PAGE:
Not to be a pedant, but if we’re talking about the kind of Cantonese style BBQ (siu mei) that you’d find at Cheung Hing, the roast duck is not peking duck. Cantonese roast duck is “siu aap” while peking duck is “peen pei aap” (not sure on spelling, as the pronunciation depends on dialect as well, with some places in SF Chinatown calling “siu aap” as “siu ngop”). They are similar in some respects but differ in others like ingredients, preparation, etc. but perhaps most notably the texture of the skin. Cantonese roast duck has less crispy skin, the fat renders differently, and it’s often chopped not sliced. Cantonese siu aap is often served in combination with other siu mei roast meats or as a simple lunch with rice and a bed of braised cabbage or lettuce, while Peking duck is either served with baos (at Cantonese restaurants) or thin, stretchy pancakes (in many other types of Chinese restaurants) with different accoutrements. Both Cantonese roast duck and Peking duck are excellent, just thought I’d point out the distinction between the different products. At Cheung Hing Millbrae, for example, Cantonese roast duck is $15.95 while Peking duck is $28.00.
Nanjing duck is also a different type of preparation, even if it apparently was the predecessor to Peking duck.
So @droolingdoggie , when you ask for duck at some Cantonese BBQ places, there may be two BBQ types of duck that look somewhat similar. Siu aap is the BBQ duck normally hanging at butchers and accompanying “siu yuuk” (roast pork belly with crispy skin) and “see yau gai” (soy-sauce chicken) on lunch plates. For takeout, I prefer to buy the Cantonese duck whole (tell the butcher not to chop it) and make my own rice because sometimes the quick cleaving of the siu aap can result in little sand-like bone shards getting on top the rice.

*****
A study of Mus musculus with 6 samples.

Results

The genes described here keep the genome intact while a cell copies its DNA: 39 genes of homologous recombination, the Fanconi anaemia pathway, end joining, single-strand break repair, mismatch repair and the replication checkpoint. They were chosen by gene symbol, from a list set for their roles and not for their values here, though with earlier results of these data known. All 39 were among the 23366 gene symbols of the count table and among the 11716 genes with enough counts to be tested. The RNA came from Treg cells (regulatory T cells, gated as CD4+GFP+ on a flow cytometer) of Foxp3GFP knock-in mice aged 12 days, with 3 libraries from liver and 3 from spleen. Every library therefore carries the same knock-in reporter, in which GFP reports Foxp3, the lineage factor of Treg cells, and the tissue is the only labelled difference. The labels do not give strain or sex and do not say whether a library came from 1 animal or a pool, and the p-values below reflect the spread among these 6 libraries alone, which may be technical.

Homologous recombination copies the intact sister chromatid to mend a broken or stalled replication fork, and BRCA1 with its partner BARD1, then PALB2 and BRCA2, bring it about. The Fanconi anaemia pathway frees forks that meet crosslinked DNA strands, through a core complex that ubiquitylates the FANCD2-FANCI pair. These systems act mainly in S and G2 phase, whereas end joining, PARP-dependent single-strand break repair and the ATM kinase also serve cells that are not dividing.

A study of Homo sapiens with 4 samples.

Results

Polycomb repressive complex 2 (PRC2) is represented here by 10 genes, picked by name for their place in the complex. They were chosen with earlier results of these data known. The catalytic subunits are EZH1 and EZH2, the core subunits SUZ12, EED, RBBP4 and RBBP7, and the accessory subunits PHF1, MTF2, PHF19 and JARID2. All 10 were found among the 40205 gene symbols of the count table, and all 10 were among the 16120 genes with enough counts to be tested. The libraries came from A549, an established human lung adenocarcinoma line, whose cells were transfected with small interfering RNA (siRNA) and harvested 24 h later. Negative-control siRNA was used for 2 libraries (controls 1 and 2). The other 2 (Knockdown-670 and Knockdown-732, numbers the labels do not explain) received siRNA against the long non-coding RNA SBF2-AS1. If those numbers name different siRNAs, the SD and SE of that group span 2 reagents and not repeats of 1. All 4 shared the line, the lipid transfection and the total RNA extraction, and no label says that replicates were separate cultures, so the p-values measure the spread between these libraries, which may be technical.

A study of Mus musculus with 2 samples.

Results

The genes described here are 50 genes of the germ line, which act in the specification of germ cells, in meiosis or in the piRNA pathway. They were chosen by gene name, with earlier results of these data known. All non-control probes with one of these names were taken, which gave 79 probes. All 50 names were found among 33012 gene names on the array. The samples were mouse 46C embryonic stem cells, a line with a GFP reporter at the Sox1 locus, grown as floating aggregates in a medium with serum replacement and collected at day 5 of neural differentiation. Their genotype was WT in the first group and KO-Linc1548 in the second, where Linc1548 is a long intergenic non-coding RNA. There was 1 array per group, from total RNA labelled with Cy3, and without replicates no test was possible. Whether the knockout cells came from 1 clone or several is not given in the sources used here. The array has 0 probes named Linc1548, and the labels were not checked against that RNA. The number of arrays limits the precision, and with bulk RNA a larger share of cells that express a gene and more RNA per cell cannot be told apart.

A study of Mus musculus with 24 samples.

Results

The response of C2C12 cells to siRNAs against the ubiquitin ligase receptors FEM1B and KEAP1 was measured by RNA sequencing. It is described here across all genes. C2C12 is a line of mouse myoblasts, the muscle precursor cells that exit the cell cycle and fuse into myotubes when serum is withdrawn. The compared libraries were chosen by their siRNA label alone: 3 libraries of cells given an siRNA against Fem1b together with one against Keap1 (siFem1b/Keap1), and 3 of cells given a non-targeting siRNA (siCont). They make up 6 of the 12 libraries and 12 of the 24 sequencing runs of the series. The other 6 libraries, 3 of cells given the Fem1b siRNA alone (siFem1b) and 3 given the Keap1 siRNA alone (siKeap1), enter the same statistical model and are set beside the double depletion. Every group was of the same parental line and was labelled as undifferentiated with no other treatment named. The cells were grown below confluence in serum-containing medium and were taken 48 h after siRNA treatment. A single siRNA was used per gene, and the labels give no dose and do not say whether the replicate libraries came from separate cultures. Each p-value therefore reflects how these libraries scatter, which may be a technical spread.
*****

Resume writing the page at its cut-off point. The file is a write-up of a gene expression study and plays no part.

Nice of you to bring some good BBQ to your mother! Ruby BBQ in El Monte is good, though I haven’t been recently.
There are lots of good Chinese restaurants in that 626 area. There are lots of styles of Chinese food, some of the more popular ones being Szechuan or Taiwanese. To help narrow it down, what sorts of foods does your mother like or not like (e.g. spicy or not, seafood, etc.)?
And speaking of other Cantonese style fowl besides duck, there’s also quail, squab, and goose. Fried quail is an excellent appetizer, roast squab is my favorite, and roast goose is my least favorite. I highly recommend roast squabs with a touch of five spice salt and a squirt of lemon as a nice appetizer often served at Cantonese seafood / banquet style restaurants (I don’t usually see it for takeout).